Oxford BioMedica Sign Agreement with Mayo Clinic
UK company Oxford BioMedica announced today that they have linked up with the USA’s renowned Mayo Clinic to develop a novel gene therapy for the treatment of chronic glaucoma.
Under the agreement, the companies will undertake pre-clinical studies to establish the feasibility of treating glaucoma using Oxford BioMedica’s LentiVector gene delivery technology expressing a COX-2 gene and a PGF-2 alpha receptor gene to reduce intraocular pressure.
The collaboration contains an option for exclusive US rights to license Mayo Clinic’s glaucoma technology, which can be exercise upon completion of pre-clinical studies under confidential terms agreed by the two companies. The partnership builds on earlier pre-clinical research, conducted by Mayo Clinic, which has established initial proof-of-concept for this approach to treating chronic glaucoma.
Glaucoma is a collection of eye diseases characterised by vision loss due to damage of the optic nerve affecting over 60 million people worldwide. Over 90% of glaucoma is classed as primary open-angle glaucoma, which results from a partial blockage within the trabecular meshwork of the eye, the tissue mainly responsible for draining the internal fluid of the eye (aqueous humour). As the aqueous humour builds up, it causes increased intraocular pressure which can damage the optic nerve. Damaged parts of the nerve and retina lead to permanent patches of vision loss and, in some cases, blindness.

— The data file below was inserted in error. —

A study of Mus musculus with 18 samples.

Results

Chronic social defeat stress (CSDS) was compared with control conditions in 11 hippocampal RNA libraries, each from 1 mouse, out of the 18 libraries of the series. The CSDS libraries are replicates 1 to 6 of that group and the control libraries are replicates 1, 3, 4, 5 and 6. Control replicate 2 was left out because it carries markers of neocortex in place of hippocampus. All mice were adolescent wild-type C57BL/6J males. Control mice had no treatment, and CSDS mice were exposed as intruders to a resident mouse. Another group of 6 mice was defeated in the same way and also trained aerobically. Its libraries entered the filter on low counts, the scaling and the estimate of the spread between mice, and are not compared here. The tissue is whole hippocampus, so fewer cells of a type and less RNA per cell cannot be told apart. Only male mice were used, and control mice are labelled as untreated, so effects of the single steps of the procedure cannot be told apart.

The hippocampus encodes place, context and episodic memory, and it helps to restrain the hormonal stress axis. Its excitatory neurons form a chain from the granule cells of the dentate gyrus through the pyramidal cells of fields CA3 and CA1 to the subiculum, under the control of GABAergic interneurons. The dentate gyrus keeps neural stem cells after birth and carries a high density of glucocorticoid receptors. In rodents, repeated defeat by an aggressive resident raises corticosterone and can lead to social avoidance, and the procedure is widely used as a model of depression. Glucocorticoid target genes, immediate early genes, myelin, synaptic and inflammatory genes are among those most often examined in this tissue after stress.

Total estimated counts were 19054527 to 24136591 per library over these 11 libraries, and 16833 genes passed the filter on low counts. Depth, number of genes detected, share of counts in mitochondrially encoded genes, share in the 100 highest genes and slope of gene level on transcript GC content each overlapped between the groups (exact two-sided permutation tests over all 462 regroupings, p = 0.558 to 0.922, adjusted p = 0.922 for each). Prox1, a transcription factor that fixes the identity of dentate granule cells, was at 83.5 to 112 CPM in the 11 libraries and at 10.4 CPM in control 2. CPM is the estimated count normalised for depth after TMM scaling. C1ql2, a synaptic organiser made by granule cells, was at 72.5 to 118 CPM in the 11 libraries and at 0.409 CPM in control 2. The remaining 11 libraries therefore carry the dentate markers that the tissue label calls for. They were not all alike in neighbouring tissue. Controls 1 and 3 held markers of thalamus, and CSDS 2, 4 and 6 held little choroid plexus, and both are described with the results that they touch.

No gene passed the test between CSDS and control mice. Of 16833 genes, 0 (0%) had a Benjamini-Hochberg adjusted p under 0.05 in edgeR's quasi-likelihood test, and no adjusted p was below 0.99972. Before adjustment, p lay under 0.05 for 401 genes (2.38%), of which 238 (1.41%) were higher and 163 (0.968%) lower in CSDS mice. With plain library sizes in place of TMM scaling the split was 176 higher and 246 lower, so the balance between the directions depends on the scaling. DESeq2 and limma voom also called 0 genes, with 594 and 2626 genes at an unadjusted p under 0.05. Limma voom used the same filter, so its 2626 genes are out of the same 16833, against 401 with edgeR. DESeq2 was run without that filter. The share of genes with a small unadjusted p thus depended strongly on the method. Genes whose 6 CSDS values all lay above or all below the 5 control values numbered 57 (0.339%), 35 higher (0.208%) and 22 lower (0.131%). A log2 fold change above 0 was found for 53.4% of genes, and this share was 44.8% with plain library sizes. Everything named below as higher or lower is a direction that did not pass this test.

Existing treatment options for glaucoma aim to decrease intraocular pressure either through topical methods (e.g. eye drops) or eye surgery, however these approaches are not effective in all cases.
Dr Eric Poeschla at Mayo Clinic, commented that “the disease’s lifelong persistence and the incomplete efficacy and adherence seen with current treatment methods are two of the main problems that make achieving a sustained therapeutic effect via gene therapy an appealing prospect. In addition, the target tissues involved in regulating intraocular pressure are relatively small and confined, which enhances gene delivery feasibility. Finally, we have shown that the approach causes sustained reduction in intraocular pressure in pre-clinical models.”
The deal has gone down well with analysts at Singer Capital Markets who said “this is exciting news” for Oxford BioMedica as the agreement “offers both a further scientific validation of its gene delivery technology and an opportunity to ultimately add another candidate drug to its stable of four ocular development programmes”. The previous four projects – Retinostat, StarGen, UshStat and EncorStat – are being developed with Sanofi.